During the busy tax season, the last thing you want to do is respond to a Pensionable and Insurable Earnings Reviews (PIER) assessment from the Canada Revenue Agency (CRA). However, if you can avoid any deficiencies in your CPP and EI remittances, you can survive tax season PIER-free. If you’re a Knit user, there’s even a feature designed to help you avoid PIERs from the CRA by adjusting CPP and EI under-remittances. (And if you're justing considering putting your payroll on autopilot, take a look at our payroll services here.)
But before we deep dive into how to avoid PIER assessments, let’s back up to the beginning. If this is your first payroll rodeo, you’ll probably want to know what is a PIER assessment in the first place, why does the CRA issue them, and how can you avoid having to deal with them. With this beginner guide to PIER reports, you’ll be a payroll pro in no time.
What is a PIER Report?
As stated above, PIER stands for Pensionable and Insurable Earnings Review. This is a report issued by the CRA indicating where they believe this is a discrepancy between what they think an employee/employer should have been assessed for Canada Pension Plan (CPP) or Employment Insurance (EI), and what has been reported on your T4 slips. Put simply, PIER assessments are a means of addressing any EI and CPP shortages
The reason the CRA verifies these calculations is so that your employees or their beneficiaries will receive the correct:
● CPP benefits, in the event that an employee retires, becomes disabled, or dies.
● EI benefits, in the event that an employee becomes unemployed, takes maternity, parental, adoption, or compassionate care leave, leaves to care for or support their critically ill or injured child, or are injured, ill, or on leave without pay.
PIER assessments are particularly tricky because they apply to both the employee and employer portions of any CPP and EI deficiencies. If the employer is unable to explain the deficiencies, the CRA will expect the employer to remit both the employee and the employer portion of the deficiency. Thus, it is important to keep in mind that “You are responsible for remitting the balance due, including your employee's share.” If payment or a response is not received by the reply date included in the PIER report, you may be subject to penalties or interest (or both).
Common Reasons for PIERs
To better understand PIERs, it is important to know the most common situations that result in PIERs:
● If an employee was set up on payroll with the incorrect birth date, or the employee is outside the eligible age range of 18 to 70 for CPP (less than 18 for QPP deductions), it will result in no deductions for CPP/QPP and no pensionable earnings accumulation.
● The employee was not employed for the entire year, or was not eligible for CPP and EI deductions for the entire year.
● The number of payroll cheques issued to the employee is not equal to the number of pay periods.
● You paid bonuses without deducting the required statutory deductions.
● You allowed employees to roll over their entire bonus into an RRSP without deducting the required CPP and EI.
● EI insurable earnings were back-calculated from an incorrect EI deduction amount.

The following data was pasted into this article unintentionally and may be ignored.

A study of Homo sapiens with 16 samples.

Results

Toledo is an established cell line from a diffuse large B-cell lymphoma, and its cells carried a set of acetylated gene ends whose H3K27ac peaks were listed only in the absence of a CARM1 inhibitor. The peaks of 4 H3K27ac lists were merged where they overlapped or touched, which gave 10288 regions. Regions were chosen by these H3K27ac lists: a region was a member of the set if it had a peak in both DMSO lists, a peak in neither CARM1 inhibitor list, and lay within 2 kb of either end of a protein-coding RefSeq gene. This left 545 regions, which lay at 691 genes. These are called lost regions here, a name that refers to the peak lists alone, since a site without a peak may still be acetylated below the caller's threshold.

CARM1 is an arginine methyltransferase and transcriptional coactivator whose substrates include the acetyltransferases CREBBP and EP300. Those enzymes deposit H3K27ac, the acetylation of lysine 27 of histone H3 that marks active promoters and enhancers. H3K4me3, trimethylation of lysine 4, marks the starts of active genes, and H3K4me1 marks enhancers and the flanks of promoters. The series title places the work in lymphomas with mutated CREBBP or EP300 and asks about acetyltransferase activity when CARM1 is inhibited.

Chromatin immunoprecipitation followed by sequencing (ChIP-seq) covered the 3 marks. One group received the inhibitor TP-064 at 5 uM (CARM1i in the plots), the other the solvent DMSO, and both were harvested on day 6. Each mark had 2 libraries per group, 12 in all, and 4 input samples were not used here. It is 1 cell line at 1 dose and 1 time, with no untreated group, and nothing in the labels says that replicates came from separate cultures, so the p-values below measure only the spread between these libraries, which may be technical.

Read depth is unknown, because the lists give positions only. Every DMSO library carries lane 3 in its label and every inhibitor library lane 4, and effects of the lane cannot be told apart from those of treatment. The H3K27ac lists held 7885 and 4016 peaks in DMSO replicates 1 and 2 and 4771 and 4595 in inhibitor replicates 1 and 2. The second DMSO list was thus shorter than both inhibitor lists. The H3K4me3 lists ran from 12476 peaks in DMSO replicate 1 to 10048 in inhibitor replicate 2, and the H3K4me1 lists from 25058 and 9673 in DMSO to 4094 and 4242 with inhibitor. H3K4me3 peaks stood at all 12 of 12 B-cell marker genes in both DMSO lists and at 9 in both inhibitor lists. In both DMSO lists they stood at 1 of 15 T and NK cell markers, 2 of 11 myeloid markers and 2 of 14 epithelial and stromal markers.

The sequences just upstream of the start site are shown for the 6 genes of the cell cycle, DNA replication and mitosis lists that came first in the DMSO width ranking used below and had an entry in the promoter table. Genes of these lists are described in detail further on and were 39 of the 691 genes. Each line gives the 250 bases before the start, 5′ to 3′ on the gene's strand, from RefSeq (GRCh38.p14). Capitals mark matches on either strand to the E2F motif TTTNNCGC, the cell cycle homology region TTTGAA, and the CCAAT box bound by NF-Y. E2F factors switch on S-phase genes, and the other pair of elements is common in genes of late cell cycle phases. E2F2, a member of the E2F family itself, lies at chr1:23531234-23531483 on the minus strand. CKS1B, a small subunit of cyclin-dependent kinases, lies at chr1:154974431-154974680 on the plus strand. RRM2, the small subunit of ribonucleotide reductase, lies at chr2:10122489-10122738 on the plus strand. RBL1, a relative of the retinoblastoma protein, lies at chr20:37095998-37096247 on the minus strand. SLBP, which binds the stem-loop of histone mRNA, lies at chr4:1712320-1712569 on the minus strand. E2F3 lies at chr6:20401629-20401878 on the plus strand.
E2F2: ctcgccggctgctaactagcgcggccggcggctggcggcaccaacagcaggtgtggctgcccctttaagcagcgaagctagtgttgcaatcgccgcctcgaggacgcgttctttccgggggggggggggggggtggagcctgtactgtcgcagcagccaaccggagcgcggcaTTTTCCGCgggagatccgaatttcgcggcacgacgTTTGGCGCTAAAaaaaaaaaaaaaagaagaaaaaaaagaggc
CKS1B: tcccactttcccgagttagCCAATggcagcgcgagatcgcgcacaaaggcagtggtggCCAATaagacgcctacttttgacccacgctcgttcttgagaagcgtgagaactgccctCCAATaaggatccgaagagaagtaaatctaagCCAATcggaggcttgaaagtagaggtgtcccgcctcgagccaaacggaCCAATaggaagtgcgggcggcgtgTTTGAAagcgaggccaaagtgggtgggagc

● You updated YTDs for CPP and EI on a year-end adjustment run and did not remit them.
● You updated taxable benefits at Year End without the deductions required for statutory deductions.
● An employee stopped contributing to CPP and EI because they already paid the maximum on another business number or company.
Now that you know what a PIER report is, it’s clear that you don’t want to get one. So now the question becomes, how do you avoid PIER reports? One of the best ways to do this is to calculate any deficiencies before you even submit your T4s. By ensuring your data is correct right from the start, you can save yourself (and the CRA) a lot of time and effort.
How the CRA Calculates Deficiencies
Calculating CPP deficiencies is somewhat complicated because everyone is entitled to an annual exemption. This amount is then prorated across the number of pay periods the employee works, or the number of months the employee is not CPP-exempt. Therefore, to calculate CPP deficiencies the CRA uses the following calculation:
It's important to note here that a “false positive” or other errors can occur if an employee makes less than the exemption in a pay period. These issues should be investigated per pay period.
Calculating EI deficiencies is much simpler and is determined by using the following calculation:
T4 Insurable Earnings x EI Premium Rate for Year = EI Premiums
Note that if an employee is EI or CPP exempt, their insurable or pensionable earnings (as appropriate) must be equal to 0 and entered as such.
Using the above formulas makes it easy to spot any deficiencies that may result in a PIER report and can help you avoid the hassle. If you are a Knit user, you can also use the software to easily adjust any CPP and EI under-remittances (the most common type of error).
Of course, if you do identify these deficiencies before the end of the year, you can usually correct the errors by deducting or paying back extra EI or CPP to your employees.
For more information on PIER assessments and how to check the calculations you made on the T4 slips filed with your T4 Summary, please consult the CRA’s online guide to Pensionable and Insurable Earnings Review.